What Big Teeth You Have

Getting close up and personal with a bear can be salutary. They look like an animated ‘teddy bear’ from ones childhood, a much bigger version though. It is all too easy to loose sight of the fact that they are creatures of the wild, when they look so cute and cuddly. One thing is clear when near one; they have big claws, big teeth and powerful rippling muscles under their soft coats.

After my close encounter I found myself getting really interested in bears; the danger they are drawn into by following their noses to human habitation for fast food, their wilderness home eroding and migration routes cut off. Yes, I really got into that. Somebody suggested I submit the photo, on yesterday’s blog, to the local newspaper, “hay, look what came to our place yesterday”! So I did, and it was published.

I wrote a piece to submit with the photograph, the words coming easily as I was inspired by the subject. Then, as we do within the Sangha, I ran the writing past a senior monk and I was brought up short. In a kindly way I was reminded that while the cause was real and good, my involvement was not. I deleted what I’d written and sat still. The ‘not good’ was connected to my vocation as a priest within my particular Order. We do not include overt social action in our practice, concentrating primarily on living a Preceptual life with Compassion and the offering of the merit of this to all beings.

The very many lessons I learnt arising out of this incident was that I enjoyed writing about matters that inspire me. And, I needed to look at the intent behind writing and run that past the Three Pure Precepts. Regularly!

Here is the beginning of a well-known prayer; it speaks of action. Each of us walk a unique path, the task is to recognize and respond to the path we find ourselves on…and not try and walk somebody else’s.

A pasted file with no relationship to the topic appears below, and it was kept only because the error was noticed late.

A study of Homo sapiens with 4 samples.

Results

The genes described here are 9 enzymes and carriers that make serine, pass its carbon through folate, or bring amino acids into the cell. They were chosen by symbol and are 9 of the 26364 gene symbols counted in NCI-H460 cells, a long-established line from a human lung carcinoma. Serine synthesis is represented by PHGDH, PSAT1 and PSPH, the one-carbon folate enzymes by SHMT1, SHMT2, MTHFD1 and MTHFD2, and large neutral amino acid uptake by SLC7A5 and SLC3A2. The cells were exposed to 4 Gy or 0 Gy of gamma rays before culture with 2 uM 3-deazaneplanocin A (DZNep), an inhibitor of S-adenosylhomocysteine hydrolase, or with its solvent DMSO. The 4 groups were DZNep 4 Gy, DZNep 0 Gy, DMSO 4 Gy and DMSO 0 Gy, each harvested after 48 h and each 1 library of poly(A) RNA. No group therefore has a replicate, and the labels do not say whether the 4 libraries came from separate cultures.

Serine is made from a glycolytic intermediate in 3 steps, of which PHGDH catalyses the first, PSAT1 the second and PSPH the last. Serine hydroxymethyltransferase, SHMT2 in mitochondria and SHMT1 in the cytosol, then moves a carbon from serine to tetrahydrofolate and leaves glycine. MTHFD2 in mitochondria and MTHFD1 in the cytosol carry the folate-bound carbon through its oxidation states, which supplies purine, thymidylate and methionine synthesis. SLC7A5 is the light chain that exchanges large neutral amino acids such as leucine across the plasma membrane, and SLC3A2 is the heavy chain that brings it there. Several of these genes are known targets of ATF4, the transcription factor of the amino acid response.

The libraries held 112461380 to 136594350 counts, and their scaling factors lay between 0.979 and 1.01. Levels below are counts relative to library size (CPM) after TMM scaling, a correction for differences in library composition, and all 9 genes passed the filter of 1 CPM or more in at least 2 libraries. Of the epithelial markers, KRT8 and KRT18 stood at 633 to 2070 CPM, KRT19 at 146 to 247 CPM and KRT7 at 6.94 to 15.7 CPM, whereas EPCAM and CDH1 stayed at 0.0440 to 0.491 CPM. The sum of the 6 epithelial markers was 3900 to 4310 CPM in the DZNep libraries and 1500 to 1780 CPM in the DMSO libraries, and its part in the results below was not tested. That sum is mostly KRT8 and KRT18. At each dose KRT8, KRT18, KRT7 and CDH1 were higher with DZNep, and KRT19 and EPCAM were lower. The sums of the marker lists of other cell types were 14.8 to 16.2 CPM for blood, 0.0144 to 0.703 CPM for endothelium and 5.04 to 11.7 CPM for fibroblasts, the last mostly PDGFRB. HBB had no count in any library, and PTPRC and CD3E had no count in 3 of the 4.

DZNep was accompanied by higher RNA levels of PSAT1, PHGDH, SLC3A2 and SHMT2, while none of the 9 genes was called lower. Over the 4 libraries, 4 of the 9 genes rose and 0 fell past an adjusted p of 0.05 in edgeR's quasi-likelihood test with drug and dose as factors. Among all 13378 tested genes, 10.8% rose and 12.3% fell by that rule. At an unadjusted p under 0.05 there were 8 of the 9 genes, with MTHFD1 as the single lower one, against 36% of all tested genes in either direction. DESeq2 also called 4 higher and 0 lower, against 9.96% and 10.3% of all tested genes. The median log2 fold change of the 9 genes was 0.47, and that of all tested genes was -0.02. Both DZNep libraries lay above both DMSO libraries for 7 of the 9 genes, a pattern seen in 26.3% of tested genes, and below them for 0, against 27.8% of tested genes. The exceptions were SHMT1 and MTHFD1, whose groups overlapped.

The Serenity Prayer

Please grant me the serenity
To accept the things I cannot change;
Courage to change the things I can;
And wisdom to know the difference.

This book helped transform my fear of big bears, and also become better educated about them too.

  1. Hello Rev. Mugo,

    I’ve recently started reading your blog and am finding your posts so restful and affirming.

    I’m finding the need to return to your site regularly to balance some of the other qualities of “searchingness”, for want of a better word, that I find on so many blogsites (not meaning to discount the reality of that in one’s life at times).

    I read the chapter on grizzly bears at the site you pointed to, and found it fascinating. My brother used to live in the Yahk area, just north of the US border, giving me a context for your discussion. I found your decision-making process re publishing deeply meaningful, especially your words “Each of us walk a unique path, the task is to recognize and respond to the path we find ourselves on…and not try and walk somebody else’s.”

    This reverberates for me at this time as I strive to deepen my practice, amidst many challenges.

    Thank you.


  2. Jacquie, How wonderful to see you here! I’m honoured that you visit, thankyou for your kindness. Do keep a thought for all around the priory as we go through this time of change. (moving from this house to a smaller place).

    I will stop and look at your family blog, we have the same ‘dotti’ template too!

    I didn’t mention in my post that I read True Grizz sitting on a futon full of claw marks from a bear who had broken into the cabin that year and ‘played around’. Each night I would check and double check the shutters. Fun to be in the wilderness of Montana for a brief time.

  3. Hi Rev. Mugo. I don’t know if I understand this post. I mean I understand the words, but I have a hard time relating to the theme. I don’t like to think I have any limits on what I can do (within the precepts). This is probably one of the reasons I’m always fighting; walking against the current. I’m going to have to sit with this one!

  4. Hello there, Rev Mugo.
    I was wondering how your post could be appropriate to right action as a Lay Buddhist?
    Much of my actions (or maybe just my opinions!)begin to happen in the way that you mention.
    Is it that your involvement was not good solely because you are a priest, or do you mean that getting Yourself involved was not good?
    I ask because i notice that i have a bit of a predisposition to getting myself involved in things.
    I start out with a bit of enthusiasm and the best of intentions and then before i know it i ‘m often fighting a battle (not literally!), with seemingly less and less time and energy for stillness.

  5. Michael and Miles, Thanks for posting your questions. I’m a bit stuck for answers that would be helpful. However, at the end of your posts you bring yourselves back to the need for ‘sitting still’ and ‘stillness’ and that is always a good starting point for anything, especially right action. That’s true for any and all of us, no matter what our particular vocation might be.